Roy Ballam, Managing Director and Head of Education

British Nutrition Foundation

Roy works for the British Nutrition Foundation, a charity [not-for-profit], based in London, UK. It was founded in 1967 and is honoured to have HRH The Princess Royal as its Patron. The vision is: Everyone can access healthy, sustainable diets. The mission is: Translating evidence-based nutrition science in engaging and actionable ways. Roy originally trained as a secondary school teacher, and has been a Principal Examiner. Roy has responsibility for governance, finance, operations and optimisation of resources at the British Nutrition Foundation, reporting directly to Trustees, while also continuing to lead BNF’s Education work. He also has oversight of BNF branding and IT strategy, as well as the BNF Healthy Eating Week for schools and workplaces. Roy oversees the Foundation’s education programme, Food – a fact of life, and has worked on a number of UK and European food and nutrition schools programmes and initiatives. Education work includes the production of innovative resources to support the teaching and learning of food and nutrition in schools, working with government, examination organisations, NGOs and industry. He is also involved in providing high-quality professional development for teachers via face-to-face and online training.

Food – it’s a fact of life, so why not teach it?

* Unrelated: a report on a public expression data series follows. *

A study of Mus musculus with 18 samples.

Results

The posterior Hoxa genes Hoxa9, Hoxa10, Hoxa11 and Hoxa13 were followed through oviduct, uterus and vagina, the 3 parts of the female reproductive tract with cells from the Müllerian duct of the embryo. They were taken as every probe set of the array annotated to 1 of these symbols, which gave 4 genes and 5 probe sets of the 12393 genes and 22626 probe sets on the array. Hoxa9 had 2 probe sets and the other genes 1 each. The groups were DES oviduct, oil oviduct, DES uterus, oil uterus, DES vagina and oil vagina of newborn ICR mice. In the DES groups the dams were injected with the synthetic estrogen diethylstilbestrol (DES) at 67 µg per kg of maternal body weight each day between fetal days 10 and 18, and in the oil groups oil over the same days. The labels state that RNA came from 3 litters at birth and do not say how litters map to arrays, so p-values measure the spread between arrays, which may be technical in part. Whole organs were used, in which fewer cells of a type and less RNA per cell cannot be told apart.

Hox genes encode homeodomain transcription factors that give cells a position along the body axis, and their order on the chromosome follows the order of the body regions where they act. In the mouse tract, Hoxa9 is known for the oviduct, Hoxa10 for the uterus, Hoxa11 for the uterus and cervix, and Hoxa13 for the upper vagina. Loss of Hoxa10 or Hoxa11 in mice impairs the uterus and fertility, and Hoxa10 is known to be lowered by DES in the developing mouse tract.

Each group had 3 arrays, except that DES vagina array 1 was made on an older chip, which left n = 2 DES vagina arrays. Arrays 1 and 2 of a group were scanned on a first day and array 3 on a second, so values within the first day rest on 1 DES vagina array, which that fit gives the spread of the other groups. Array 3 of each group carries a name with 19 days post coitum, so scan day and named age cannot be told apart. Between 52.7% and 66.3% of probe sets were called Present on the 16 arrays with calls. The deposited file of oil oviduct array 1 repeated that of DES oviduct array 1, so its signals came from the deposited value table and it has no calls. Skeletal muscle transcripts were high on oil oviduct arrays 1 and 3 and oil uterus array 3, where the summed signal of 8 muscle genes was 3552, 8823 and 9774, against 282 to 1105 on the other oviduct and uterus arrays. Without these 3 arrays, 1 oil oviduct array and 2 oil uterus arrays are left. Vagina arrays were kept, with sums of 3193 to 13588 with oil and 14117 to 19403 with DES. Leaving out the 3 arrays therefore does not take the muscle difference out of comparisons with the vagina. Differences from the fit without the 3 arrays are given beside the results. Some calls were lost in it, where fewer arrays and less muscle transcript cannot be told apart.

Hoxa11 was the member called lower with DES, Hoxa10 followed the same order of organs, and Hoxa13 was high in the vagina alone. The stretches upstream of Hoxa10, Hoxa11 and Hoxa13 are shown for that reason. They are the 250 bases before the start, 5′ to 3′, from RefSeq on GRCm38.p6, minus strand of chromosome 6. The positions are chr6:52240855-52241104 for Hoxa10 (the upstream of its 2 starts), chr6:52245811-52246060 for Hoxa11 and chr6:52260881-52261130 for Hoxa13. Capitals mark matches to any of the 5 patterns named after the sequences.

The four countries of the UK each have their own curricula, all of which include mandatory food education (pupils aged 5 to 14 years in ‘state’ schools). In England, mandatory food education was originally introduced in 1989 for pupils aged 5-11 years, through the subject Design and technology (although most schools for pupils aged 11-14 years taught ‘food’), and later made mandatory for all pupils (5-14 years) in 2014 . In response to mandatory food education, in 1989 the British Nutrition Foundation (BNF), in partnership with government, developed Food – a fact of life (FFL), a comprehensive food education programme, to support teachers implementing the curriculum, as well as healthy eating guidelines. The original FFL teaching materials were launched between 1991-1997, after a series of school based pilots. Since 1997, the BNF has sustained the FFL programme and it continues to grow and flourish, moving online and keeping up-to-date with curricula changes, pedagogical approaches and nutrition science. Roy will provide an overview of FFL, within the context of the current health status of UK schoolchildren, school food policy and teacher training. The rationale and development of food education competences for pupils and frameworks of teacher knowledge and skills required to teach food will be reviewed. Key metrics of the programme will be showcased, highlighting the use of the programme by schools, as well as the impact of teacher training on teaching. The presentation will finish on the success of BNF Healthy Eating Week.